18 Jul 2023
Parky's quick take: 18 July 2023
What’s the latest with currencies and FX markets this week? Neil Parker, FX Market Strategist, shares his views.
GBP / USD holds above 1.30 ahead of key inflation report
Sterling picked up more ground last week, benefiting from a broadly weaker USD. Last week’s UK data once again had a stagflation feel, as they showed weakening demand for labour but with still high wage growth and flatlining Gross Domestic Product (GDP) growth. Higher-than-expected wage inflation will maintain pressure on the Bank of England (BoE) to continue tightening monetary policy.
Eyes are on the UK inflation report this week. Near-term interest rates have been one of the major drivers of recent Sterling movements, and an upside surprise in inflation data will likely lend further short-term support to Sterling, in my view.
However, growth risks coming from aggressive BoE tightening will likely play a more important role in the medium term, and Sterling strength from higher interest rates shouldn’t be a foregone conclusion, in my view.
USD suffers big weekly loss post the Consumer Price Index report, eyes on retail sales
The USD started the week on a cautious note after a big sell-off last week, driven by softer than expected US Consumer Price Index (CPI) and Producer Price Index (PPI) reports. The data brought a welcome signal for US inflation and helped lay the path to the end of the Fed’s hiking cycle. While market investors are still discounting a hike at the Federal Reserve’s meeting in July, interest rate expectations thereafter have been tempered, causing a fast rally in US government bonds that pressured the dollar lower on relative interest rates. In the meantime, the counterplay between activity and inflation data remains significant – resilience in US activity data but slowing inflation is a soft-landing combination, which played positive for broader risk sentiment and weighed on dollar’s safe haven demand.
Eyes are on the US retail sales data for June, which will likely be positive, but the underlying trend in spending is slowing. Meanwhile, manufacturing sector data should confirm ongoing contraction in factory activity and housing sector data on starts, permits and sales may have softened in June after recent resilience despite higher borrowing costs, in my view.
EUR extends gains ahead of European Central Bank speakers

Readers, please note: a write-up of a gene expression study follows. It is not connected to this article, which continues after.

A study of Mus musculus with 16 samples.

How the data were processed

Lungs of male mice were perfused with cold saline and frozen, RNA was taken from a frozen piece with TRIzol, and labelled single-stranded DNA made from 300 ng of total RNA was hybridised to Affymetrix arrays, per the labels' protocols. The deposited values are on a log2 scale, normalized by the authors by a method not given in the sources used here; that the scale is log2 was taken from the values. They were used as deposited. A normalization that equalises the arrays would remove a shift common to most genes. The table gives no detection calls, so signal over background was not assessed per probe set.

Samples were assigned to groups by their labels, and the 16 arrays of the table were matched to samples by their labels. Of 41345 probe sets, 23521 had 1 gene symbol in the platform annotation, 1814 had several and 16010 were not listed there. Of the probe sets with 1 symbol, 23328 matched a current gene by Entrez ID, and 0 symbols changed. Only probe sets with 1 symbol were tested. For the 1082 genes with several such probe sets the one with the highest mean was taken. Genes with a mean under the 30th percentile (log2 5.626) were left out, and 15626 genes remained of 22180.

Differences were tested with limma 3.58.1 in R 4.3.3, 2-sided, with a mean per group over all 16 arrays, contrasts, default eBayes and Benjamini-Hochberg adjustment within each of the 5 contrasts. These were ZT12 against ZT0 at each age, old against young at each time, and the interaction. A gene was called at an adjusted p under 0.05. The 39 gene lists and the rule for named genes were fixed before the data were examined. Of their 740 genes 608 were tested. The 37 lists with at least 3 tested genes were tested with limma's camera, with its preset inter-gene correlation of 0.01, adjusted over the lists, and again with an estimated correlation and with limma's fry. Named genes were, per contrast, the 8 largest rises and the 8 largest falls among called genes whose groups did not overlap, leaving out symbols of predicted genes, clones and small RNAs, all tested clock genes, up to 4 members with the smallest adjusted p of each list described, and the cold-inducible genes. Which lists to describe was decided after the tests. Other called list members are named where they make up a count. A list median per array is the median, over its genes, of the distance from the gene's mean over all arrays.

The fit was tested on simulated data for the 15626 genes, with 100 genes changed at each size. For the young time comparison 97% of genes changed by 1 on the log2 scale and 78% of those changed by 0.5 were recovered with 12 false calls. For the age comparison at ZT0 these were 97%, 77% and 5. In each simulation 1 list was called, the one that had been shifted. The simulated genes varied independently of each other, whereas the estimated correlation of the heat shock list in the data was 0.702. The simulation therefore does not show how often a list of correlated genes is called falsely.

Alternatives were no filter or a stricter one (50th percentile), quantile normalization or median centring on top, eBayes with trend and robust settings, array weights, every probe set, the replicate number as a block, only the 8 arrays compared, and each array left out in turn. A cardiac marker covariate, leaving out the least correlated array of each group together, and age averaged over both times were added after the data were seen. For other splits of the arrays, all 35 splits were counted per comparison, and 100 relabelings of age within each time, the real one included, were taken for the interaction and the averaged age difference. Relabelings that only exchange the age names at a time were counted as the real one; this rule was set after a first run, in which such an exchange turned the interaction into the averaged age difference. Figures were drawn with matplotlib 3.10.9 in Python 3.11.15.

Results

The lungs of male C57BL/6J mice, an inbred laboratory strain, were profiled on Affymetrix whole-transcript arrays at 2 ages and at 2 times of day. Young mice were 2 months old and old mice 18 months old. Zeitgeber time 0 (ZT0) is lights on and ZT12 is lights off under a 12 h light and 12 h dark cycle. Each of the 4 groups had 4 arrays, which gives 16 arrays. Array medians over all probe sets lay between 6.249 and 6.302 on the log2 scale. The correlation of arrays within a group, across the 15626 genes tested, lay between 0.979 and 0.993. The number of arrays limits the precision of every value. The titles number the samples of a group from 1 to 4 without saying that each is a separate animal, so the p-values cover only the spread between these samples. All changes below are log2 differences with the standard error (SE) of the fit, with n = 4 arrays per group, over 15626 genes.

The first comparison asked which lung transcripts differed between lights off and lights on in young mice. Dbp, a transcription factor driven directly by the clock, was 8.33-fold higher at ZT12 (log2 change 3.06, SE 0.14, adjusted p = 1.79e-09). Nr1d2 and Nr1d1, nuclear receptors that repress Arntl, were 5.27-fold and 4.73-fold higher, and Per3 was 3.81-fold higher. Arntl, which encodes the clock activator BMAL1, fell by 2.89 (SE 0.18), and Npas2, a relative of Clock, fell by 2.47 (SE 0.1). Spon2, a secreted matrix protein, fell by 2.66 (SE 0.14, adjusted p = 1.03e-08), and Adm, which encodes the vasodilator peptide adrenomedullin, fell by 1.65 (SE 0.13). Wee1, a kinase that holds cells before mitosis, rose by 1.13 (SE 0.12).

EUR/USD took a one-way track higher last week, although the largest moves came after the US CPI and PPI data was released on Wednesday and Thursday, respectively. The EUR was a beneficiary of unwound dollar selling positions, as US interest rate expectations turned lower and market sentiment turned to positive. The EUR extended gains this morning, although softer activity data of late in the Euro area risks an earlier dovish pivot by the European Central Bank (ECB), despite the current hawkish rhetoric.
Several ECB policy makers including President Lagarde are due to speak this week, and will likely provide further insights on the central bank’s policy stance. This week will also see some final June inflation data released in the region, but it might not have a significant impact on the EUR given possibilities of little changes from previous releases, in my view.
Central Banks: further hikes likely from South Africa and Turkey central banks
This week is relatively quiet on central banks front, with only South Africa (SARB) and Turkey (CBRT) central banks meeting on Thursday. Slowing domestic inflation, a prospective end to the US’s tightening and thus reduced pressure on the rand means South Africa’s central bank could justify halting its 475 basis-point, 19-month long hiking cycle. But a final 25 basis-point hike from the SARB still seems likely, given May inflation data came in well above midpoint target and inflation expectations continued to rise.
For CBRT, a bigger percentage of economists are expecting a 300 basis-point hike up to a policy rate of 18.00%, according to a Bloomberg survey.